Prescribed Fire Helps Wildlife


Do you the best way to kill unwanted brush and trees, reduce fuel that could cause wildfires, and encourage lush new growth that benefits wild turkeys and other wildlife? The answer is just what the doctor ordered: prescribed fire.

The National Wild Turkey Federation reports that each year in March and April, hunters raise concerns about prescribed fires burning turkey nests. But James Earl Kennamer, Ph.D., the NWTF’s chief conservation officer, says the benefits of prescribed fires far outweigh the drawbacks.

“Turkeys, like many animals in the Southeast, have adapted to the natural cycles of fire that periodically renewed the forest,” Kennamer said. “This has been happening for centuries. We are restoring an important component to an ecosystem that evolved around fire. It is common to see turkeys feeding on exposed acorns and insects within hours after a prescribed burn, even with brush and grass still smoldering around them.”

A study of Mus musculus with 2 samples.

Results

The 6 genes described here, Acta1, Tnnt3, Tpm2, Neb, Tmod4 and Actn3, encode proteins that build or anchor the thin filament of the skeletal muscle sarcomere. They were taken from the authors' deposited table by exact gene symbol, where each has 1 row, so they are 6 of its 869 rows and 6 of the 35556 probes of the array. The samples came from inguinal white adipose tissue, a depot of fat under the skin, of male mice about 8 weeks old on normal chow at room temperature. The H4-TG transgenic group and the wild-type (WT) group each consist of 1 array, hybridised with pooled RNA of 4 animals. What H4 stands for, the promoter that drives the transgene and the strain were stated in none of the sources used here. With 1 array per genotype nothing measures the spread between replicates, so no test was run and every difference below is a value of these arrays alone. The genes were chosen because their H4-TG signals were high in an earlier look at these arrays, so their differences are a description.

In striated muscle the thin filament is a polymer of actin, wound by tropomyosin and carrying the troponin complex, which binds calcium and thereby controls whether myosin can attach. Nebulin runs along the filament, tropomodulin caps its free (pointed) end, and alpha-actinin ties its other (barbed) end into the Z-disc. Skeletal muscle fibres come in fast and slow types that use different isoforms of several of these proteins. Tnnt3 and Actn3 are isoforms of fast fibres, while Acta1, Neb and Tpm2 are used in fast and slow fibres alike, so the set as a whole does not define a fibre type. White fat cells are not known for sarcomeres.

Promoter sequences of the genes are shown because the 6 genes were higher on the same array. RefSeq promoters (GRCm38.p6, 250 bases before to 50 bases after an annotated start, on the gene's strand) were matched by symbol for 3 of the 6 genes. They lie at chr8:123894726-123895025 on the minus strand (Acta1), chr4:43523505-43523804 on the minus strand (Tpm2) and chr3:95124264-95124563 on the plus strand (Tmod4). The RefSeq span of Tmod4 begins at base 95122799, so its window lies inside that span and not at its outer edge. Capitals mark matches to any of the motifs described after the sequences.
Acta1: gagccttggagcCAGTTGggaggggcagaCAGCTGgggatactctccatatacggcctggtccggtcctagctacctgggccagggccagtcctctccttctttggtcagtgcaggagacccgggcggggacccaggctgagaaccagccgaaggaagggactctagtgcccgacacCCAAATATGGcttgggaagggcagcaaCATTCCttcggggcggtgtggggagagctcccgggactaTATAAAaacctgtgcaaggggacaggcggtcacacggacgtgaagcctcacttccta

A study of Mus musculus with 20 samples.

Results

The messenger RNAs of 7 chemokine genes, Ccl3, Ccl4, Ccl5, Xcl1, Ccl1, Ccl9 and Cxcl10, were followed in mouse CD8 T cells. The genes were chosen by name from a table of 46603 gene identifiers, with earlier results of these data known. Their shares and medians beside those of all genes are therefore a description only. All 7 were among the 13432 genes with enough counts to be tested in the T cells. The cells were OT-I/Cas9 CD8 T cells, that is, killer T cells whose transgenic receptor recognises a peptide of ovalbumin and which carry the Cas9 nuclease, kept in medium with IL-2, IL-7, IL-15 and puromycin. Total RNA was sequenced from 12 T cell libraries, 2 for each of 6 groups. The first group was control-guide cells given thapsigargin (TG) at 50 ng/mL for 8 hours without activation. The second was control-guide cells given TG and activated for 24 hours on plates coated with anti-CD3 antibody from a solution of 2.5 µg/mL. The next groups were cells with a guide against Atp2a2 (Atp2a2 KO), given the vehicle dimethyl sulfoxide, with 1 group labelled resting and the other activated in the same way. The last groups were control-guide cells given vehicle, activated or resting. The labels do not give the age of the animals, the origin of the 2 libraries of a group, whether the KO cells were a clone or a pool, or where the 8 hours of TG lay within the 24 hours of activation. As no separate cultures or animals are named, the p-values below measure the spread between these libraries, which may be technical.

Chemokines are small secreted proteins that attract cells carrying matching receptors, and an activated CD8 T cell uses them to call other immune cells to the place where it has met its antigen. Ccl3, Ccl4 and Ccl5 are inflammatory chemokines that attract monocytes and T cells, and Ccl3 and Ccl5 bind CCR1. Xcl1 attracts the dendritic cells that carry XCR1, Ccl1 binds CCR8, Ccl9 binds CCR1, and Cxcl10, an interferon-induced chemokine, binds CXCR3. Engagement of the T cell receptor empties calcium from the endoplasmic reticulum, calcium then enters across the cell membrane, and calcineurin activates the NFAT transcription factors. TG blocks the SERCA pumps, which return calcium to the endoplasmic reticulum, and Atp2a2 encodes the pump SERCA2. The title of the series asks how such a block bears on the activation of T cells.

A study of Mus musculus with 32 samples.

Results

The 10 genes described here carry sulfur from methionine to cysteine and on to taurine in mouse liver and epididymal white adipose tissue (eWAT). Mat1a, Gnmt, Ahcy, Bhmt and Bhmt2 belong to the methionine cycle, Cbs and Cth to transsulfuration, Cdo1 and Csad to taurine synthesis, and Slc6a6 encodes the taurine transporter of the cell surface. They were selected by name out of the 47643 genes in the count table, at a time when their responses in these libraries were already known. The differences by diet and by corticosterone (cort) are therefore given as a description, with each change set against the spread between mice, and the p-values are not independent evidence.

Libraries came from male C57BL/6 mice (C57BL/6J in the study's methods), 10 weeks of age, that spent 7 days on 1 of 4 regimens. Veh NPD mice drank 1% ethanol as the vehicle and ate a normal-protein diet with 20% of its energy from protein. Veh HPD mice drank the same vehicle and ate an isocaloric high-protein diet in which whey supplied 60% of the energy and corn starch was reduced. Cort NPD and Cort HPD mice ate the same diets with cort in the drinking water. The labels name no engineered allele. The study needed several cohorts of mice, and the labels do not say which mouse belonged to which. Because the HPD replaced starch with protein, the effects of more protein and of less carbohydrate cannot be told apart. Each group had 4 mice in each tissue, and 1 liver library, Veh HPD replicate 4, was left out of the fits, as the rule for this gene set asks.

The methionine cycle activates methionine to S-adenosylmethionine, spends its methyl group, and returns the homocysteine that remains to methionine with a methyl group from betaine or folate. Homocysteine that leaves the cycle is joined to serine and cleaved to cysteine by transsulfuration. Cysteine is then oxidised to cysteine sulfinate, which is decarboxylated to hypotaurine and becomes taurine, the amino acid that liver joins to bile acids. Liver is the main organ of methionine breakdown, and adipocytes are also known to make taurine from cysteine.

Photo by: National Wild Turkey Federation

Shannon Rikard is a freelance writer and photographer with a passion for conservation and wedding and portrait photography. The Archery Trade Association and National Wild Turkey Federation have published her work. A self-professed word geek, she enjoys Wheel of Fortune, crossword puzzles, and finding a dynamite synonym to illustrate any point. After starting her career in public relations with a national conservation organization, she ventured out on her own with Copper Door Studios.